At the same time, members of the black faith community are saying it may pose a dilemma for members of their congregations.

“From a local level, of course (the policy) goes against religious beliefs, but when you’re talking about advocacy, if that is the direction the national organization takes, that is the direction the NAACP locally and at all levels has to take,” said Melvin Little, president of the Decatur Branch of the NAACP.

John Elliott, president of the Bloomington-Normal Branch of the NAACP, said the announcement is in keeping with the principles of the civil rights group.

“This is a clarification of their feelings on marriage equality. They’re leaving it up to each individual in terms of your personal feelings,” Elliott said. “It’s not a shift in policy, because it goes back to our mission. It’s a clarification defining what’s under the mission.”

Colleen Bennett-Houston, assistant pastor at City of Refuge Ministries in Bloomington, said that for her and the congregation her son leads, the question isn’t one of race or politics, but of biblical teachings.

“As a Christian, I’m disappointed in this stance. I believe in civil rights for all people, but when it comes to marriage or union, I believe that those things the Bible clearly defines that as between heterosexuals,” Bennett-Houston said. “I believe that Christians in the African-American community — and I won’t speak for all of them but I believe for many of them — have been put in a dilemma when it comes to voting this year.”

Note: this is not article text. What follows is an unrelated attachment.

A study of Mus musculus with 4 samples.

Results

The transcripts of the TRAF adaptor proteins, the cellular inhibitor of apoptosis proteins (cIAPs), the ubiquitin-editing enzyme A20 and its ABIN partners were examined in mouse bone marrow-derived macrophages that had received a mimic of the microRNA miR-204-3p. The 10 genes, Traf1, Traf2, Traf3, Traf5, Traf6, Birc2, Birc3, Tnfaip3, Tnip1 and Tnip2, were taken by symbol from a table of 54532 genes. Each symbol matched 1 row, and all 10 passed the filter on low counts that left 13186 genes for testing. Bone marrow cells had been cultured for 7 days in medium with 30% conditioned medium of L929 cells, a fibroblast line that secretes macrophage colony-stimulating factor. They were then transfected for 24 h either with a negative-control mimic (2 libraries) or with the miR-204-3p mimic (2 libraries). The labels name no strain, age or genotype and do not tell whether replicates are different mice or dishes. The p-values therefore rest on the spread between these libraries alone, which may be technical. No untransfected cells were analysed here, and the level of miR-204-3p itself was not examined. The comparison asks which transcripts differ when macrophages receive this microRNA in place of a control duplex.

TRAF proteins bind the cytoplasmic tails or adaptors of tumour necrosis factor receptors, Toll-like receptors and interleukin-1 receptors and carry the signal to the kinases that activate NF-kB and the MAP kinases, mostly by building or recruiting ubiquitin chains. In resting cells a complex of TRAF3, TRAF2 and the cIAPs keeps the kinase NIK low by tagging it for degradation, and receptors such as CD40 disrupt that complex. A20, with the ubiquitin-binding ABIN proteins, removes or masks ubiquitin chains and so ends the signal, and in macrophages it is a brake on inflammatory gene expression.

Bennett-Houston said the faith community and the NAACP still agree on many issues.

“When it comes to civil rights like housing, employment, I feel like we are in agreement,” Bennett Houston said. “When it comes to hate crimes, even hate crimes against gays, I don’t believe anybody should be hated or put into jeopardy because of their sexual orientation or race or religion. It’s just on this issue, a controversial issue, where we part ways.”

Bennett-Houston said that within her congregation, people’s viewpoints on same-sex marriage are fairly uniform, but she said she has seen indications that some younger people in the black community at large are more comfortable with the idea of marriage equality for same-sex couples.

“When you talk secularly, yes, even talking to some of my nieces and nephews … they feel like (same-sex marriage is) totally all right, it doesn’t matter to them, whereas my mother and aunts are just appalled,” Bennett-Houston said.